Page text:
Gideon Levy
April 5, 2010 - 12:00am

Does anybody know what Benjamin Netanyahu wants? Has anybody ever understood what his predecessors wanted? Where are they headed? And where are they leading us? One after another, Israeli politicians have been asked these questions, only to reply with the standard rejoinders: "You don't expect me to answer this question" or "Let's leave this for the negotiations." Vague answers, obfuscations, evasive and noncommittal cliches - promises, promises. There was one clear, unequivocal answer - none. There is no other country whose citizens, friends and enemies have not the slightest clue about which direction it is facing. For our enemies not to know is understandable, but don't we deserve to know more? Don't we at least deserve to know the ultimate goal?

While the Arabs have always declared their aspirations - and did so with clarity, precision, sharpness and at times extremism, the Israelis have donned masks. While the goals of warring parties in international conflicts are known to all, and while everyone knows what the Palestinians are after in the Middle East - the '67 lines, a state, a solution to the refugee problem, the right of return - nobody knows what the Israelis want. Do they wish to annex the territories? Come on. Do they want to evacuate them? Not now. If not now, when? It remains unclear. How much of the territories? Nobody knows.

A few days ago, journalists broached the question of a construction freeze in Jerusalem to a few ministers. Almost all of them refused to give a response. Why should they? This is nothing less than a scandal. A minister who is not ready to state his position on an issue is derelict in his duties. When a prime minister refrains from doing so, it is 10 times as grave. While Swedish law obligates the publication of every letter sent from the office of a minister, we cannot even extract a response from our top officials over critical issues.

The blame, as usual in these instances, is shared by us all. Through the years we have implicitly agreed that our leaders would guide us on the basis of fraud, or at the very least distortion. The mantra of there's-no-need-to-say-it-aloud has become a matter of consensus, almost an axiom.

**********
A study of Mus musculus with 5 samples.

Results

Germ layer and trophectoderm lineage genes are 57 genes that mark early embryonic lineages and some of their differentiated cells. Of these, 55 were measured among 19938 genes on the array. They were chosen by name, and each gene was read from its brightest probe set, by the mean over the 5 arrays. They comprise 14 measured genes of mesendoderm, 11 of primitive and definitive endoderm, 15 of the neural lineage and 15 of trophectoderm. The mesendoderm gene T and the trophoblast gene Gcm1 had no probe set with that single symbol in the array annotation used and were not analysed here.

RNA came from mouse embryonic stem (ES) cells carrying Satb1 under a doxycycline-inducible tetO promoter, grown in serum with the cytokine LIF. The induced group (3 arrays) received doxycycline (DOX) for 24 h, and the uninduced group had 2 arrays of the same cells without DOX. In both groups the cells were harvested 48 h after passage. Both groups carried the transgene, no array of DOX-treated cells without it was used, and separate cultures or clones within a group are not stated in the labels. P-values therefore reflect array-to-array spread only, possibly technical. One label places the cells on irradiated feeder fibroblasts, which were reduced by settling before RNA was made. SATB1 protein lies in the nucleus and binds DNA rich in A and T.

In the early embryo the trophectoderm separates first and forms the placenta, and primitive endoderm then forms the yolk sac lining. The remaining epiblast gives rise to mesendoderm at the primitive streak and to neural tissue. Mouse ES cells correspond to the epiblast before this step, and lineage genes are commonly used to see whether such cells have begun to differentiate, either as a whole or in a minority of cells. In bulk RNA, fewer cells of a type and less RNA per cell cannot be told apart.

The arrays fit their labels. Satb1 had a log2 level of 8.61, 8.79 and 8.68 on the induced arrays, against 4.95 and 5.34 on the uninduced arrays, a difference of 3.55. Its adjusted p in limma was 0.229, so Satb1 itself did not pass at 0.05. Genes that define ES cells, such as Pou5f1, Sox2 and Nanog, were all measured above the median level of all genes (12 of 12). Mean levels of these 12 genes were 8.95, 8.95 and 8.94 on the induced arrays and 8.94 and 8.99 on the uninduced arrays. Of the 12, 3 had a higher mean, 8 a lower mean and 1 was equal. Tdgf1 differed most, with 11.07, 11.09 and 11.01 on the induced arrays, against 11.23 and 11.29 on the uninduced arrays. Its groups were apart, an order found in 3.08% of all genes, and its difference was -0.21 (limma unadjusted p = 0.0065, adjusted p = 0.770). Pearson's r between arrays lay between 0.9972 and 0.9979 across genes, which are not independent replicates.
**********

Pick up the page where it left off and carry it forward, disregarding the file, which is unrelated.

The conventional thinking whereby striving for peace is likened to market bartering and late-night horse-trading, as if it were verboten to clearly specify a final price, has become official policy. What might work for the illusory world of advertising and marketing, or the avarice of the consumer culture, has become a philosophical cornerstone in this country. Vagueness is the message. Perhaps this country has no goal, or a way to get to a goal, and the vagueness is meant to obfuscate this disgrace.

Is the prime minister of Israel ready to withdraw from the Golan Heights in exchange for peace with Syria? Yes or no? Don't we deserve to know? Which parts of the West Bank, if any, is he ready to evacuate? And what, for heaven's sake, does our defense minister want? What are his policy goals? Does anybody know? And why is it that if we were to know the answer, this would weaken our position and not strengthen it? Is vagueness tantamount to strength? Is trickery a modus operandi?

Our amateur merchants, as is their wont, will never reveal their opinions. No wonder their wholesale marketing strategy has proved to be a resounding failure. Israel's global standing is at an all-time low due to, among other things, ambiguity and a loss of direction. Even the all-knowing president of the United States has no idea what his ally wants. Now at least he is trying to get an answer by saying, "Tell me what it is you people want." It is doubtful whether he will get the answer he is looking for.

Forty-three years after the start of the occupation, no one, either here in Israel or anywhere in the world, knows what we really want and in which direction we are heading. Thus, we have not only become the only country in the world without clearly defined borders, we are also the only country without clearly defined national goals.

In William Shakespeare's "The Merchant of Venice," Shylock forces Antonio to agree to a loan on highly unfavorable terms. Yet the Jew provides us with one of the most memorable monologues ever written: "If you prick us, do we not bleed? If you tickle us, do we not laugh? If you poison us, do we not die? And if you wrong us, shall we not revenge?" The monologue given by the merchants of Jerusalem, on the other hand, is far more wretched. "If they give, then they'll receive," or something like that.